Hundreds of homes on Hawaii's Big Island have been destroyed from lava oozing from the Kilauea volcano after an early morning explosion on Tuesday, according to officials.
About 500 homes in Kapoho Beach Lots and Vacationland were in the direct path of the lava, officials from the County of Hawaii Civil Defense told ABC News.
The United States Geological Survey tweeted an aerial photo of the affected neighborhoods, which appears to be mostly burned. Thousands of people have been evacuated from the area.
There is a possibility that some residents could have died in the disaster, officials said. Up to a dozen people decided to stay even after the area was evacuated.
The area contains a mix of vacation rental properties and year-round residences, The Associated Press reported. Lava has completely filled the nearby Kapoho Bay and inundated much of Vacationland, according to the AP.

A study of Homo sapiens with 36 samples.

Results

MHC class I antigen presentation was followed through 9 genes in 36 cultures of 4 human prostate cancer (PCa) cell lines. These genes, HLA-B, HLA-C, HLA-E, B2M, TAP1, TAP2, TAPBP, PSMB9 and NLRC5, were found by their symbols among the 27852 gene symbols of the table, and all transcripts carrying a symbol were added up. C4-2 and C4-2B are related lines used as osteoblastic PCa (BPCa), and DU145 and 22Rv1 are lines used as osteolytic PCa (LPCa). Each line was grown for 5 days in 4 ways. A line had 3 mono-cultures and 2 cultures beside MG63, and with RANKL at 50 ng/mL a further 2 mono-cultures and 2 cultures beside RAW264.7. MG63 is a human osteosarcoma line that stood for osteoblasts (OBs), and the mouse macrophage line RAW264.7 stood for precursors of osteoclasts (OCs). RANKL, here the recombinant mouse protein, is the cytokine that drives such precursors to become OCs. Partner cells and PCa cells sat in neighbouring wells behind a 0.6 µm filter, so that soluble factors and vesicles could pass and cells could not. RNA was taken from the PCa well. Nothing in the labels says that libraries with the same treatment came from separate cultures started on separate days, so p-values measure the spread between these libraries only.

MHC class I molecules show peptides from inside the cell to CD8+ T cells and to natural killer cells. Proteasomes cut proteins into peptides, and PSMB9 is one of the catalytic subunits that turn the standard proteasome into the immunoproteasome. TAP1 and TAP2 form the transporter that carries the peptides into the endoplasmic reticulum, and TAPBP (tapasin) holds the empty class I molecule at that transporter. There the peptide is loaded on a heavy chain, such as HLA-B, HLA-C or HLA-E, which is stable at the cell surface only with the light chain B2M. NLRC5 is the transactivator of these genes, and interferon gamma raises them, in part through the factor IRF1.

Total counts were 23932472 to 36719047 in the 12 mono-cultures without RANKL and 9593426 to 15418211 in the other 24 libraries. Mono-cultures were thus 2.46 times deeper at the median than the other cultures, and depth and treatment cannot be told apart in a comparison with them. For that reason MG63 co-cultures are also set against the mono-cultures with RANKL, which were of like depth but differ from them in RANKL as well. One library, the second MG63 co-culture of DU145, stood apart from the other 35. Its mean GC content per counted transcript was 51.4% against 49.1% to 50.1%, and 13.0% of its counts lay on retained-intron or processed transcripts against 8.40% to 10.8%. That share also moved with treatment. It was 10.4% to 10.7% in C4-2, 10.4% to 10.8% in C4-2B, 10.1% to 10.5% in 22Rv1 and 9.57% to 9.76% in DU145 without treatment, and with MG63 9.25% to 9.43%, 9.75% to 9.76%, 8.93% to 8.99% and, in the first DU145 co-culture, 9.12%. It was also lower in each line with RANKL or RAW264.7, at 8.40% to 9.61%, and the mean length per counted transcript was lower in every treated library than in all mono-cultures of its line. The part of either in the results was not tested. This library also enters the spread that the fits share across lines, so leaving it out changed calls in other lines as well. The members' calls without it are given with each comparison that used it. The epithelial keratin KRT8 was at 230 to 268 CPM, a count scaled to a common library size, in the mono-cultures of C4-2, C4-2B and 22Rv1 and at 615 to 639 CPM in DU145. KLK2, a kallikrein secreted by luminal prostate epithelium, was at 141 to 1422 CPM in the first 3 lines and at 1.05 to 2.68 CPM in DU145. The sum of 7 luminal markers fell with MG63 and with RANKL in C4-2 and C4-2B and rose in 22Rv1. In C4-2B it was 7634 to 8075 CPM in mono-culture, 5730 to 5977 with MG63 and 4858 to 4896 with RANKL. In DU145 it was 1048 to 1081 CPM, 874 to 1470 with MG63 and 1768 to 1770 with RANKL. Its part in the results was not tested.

The explosion, which took place around 4:30 a.m. local time, spewed ash nearly a mile into the air and sparked a 5.5 magnitude earthquake, according to the USGS.
Before this morning's explosion, more than 100 structures had been destroyed since the first eruption a month ago.
The volcano's valve is open, and the volcano is going through "a cycle of deflation," Wendy Stovall of the U.S. Geological Survey told ABC News.
More eruptions like the one that occurred today are possible in the coming months as the deflation process continues, Cindi Preller, geologist and duty scientist at the Oahu office of the National Oceanic and Atmospheric Administration, told ABC News.
ABC News' William Carr and M.L. Nestel contributed to this report.